Stats, Data, and Rock & Roll

I think Facebook thinks I’m a bot.

William Steffey and I are putting some serious focus on promoting his music this year. Running ads on Instagram is the first part of that. A Facebook business account comes with a lot of data, so surely I can use my statistical background to get us some sort of advantage?

The standard strategy for promoting music would be to figure out what bands and artists William sounds like and then reach out to them. But he doesn’t really sound like anyone. Really! We ran a survey and the answers were all over the place. If you don’t believe me, head on over to Spotify and then leave your opinion in the comments! Please?

For now, we’re targeting an eclectic mix of music fans based on the survey results. And we’re getting lots of feedback about how the group is responding to the ads. Age, gender, location. But nothing about which artist(s) they liked that put them on our list to begin with. As results come in, I want to be ready with some Bayesian estimation tools to narrow down the best audience for our ads.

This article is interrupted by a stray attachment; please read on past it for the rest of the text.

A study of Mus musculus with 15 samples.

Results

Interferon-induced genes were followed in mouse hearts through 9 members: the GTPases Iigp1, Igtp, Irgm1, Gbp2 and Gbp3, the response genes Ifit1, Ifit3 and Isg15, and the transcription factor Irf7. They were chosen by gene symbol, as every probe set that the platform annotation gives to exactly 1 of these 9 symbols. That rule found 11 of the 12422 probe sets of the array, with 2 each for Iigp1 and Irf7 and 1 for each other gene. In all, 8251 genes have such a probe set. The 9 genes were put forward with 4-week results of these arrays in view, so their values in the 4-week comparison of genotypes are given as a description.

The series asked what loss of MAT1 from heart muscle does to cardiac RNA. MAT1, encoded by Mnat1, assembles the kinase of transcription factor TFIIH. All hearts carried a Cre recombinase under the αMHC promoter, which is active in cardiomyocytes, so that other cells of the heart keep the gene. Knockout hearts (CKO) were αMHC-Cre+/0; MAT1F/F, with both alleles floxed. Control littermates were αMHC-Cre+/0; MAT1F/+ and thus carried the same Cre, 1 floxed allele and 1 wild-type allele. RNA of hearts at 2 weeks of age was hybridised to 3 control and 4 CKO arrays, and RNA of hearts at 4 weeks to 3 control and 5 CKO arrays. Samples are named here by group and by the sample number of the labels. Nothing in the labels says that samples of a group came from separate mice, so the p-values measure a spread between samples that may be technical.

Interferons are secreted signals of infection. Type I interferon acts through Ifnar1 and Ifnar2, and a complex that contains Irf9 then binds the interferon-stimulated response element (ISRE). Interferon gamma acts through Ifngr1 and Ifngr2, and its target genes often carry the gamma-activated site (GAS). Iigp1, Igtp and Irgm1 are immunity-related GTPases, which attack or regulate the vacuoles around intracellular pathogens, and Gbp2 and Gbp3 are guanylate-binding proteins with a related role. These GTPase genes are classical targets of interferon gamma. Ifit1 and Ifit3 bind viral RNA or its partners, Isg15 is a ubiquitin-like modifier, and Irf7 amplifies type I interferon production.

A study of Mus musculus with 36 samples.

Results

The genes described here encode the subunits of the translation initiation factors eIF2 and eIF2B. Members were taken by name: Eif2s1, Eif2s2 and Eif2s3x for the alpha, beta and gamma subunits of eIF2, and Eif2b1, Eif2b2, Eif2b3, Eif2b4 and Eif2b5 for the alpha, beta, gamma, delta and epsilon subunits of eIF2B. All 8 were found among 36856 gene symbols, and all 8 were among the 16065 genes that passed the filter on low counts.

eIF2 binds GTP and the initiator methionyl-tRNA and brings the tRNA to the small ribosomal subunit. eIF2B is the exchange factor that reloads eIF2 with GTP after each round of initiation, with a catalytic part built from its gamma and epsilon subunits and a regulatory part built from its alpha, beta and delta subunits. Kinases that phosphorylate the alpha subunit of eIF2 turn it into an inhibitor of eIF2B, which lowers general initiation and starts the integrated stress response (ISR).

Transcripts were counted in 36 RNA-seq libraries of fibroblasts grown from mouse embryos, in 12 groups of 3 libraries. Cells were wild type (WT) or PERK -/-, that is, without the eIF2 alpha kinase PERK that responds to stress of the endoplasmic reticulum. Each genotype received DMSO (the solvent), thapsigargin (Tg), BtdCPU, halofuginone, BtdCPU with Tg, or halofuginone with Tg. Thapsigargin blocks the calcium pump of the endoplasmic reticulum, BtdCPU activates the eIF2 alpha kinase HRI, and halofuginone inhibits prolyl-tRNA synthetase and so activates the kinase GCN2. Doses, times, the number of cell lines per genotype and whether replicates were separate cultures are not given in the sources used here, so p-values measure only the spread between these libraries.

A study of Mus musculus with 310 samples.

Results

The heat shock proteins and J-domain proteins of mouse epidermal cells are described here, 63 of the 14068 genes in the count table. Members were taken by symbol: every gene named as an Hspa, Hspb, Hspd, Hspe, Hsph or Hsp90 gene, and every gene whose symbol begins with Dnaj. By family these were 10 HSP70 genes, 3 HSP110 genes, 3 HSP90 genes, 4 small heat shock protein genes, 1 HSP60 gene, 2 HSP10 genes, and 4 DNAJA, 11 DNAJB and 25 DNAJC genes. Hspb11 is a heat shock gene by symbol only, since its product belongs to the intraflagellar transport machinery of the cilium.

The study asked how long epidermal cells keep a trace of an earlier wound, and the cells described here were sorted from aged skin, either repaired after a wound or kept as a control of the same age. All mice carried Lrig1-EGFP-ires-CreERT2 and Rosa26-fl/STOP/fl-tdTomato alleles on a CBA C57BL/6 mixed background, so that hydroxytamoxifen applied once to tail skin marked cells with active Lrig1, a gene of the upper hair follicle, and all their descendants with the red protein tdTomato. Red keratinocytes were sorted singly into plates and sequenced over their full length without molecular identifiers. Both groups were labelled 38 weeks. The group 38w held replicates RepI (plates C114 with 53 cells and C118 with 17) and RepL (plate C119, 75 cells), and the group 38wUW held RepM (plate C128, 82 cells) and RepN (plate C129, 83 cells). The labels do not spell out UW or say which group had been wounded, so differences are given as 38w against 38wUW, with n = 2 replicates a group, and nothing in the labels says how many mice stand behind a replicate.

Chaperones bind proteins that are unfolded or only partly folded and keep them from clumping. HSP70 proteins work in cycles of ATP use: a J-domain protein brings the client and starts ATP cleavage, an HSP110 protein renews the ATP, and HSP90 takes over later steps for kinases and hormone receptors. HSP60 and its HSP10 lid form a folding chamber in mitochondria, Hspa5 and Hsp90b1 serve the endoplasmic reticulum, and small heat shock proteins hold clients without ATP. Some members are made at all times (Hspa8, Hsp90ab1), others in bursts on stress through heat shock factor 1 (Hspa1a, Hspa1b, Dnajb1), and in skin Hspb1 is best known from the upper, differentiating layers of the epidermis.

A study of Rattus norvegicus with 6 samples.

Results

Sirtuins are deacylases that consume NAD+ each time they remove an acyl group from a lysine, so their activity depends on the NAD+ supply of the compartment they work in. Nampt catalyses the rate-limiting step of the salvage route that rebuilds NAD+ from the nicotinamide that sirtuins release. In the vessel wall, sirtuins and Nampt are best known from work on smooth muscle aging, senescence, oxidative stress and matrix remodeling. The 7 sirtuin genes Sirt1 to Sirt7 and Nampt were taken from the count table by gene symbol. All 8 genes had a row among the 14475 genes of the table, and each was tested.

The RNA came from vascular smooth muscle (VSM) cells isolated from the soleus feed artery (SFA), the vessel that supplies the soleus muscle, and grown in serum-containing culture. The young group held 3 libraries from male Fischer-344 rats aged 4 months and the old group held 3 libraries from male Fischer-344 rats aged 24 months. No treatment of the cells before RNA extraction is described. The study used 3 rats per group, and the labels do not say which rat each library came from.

Bayesian estimation is all about conditional probability. What is the likelihood of A, given that B is true? In this case, to give an example, What is the likelihood that someone who responded favorably to our ad is a fan of David Bowie or U2 or The Killers or – you get the idea.

Most people running Facebook Ads campaigns on a small scale aren’t former actuaries, so they helpfully provide potential audience information in the form of graphs and summaries. I want everything as granular as possible though. I can get there with a bit of data entry work that I’m happy to do, but I think I ran over my limit today. The page is telling me there’s no data available.

Fingers crossed that I can convince tech support of my humanity.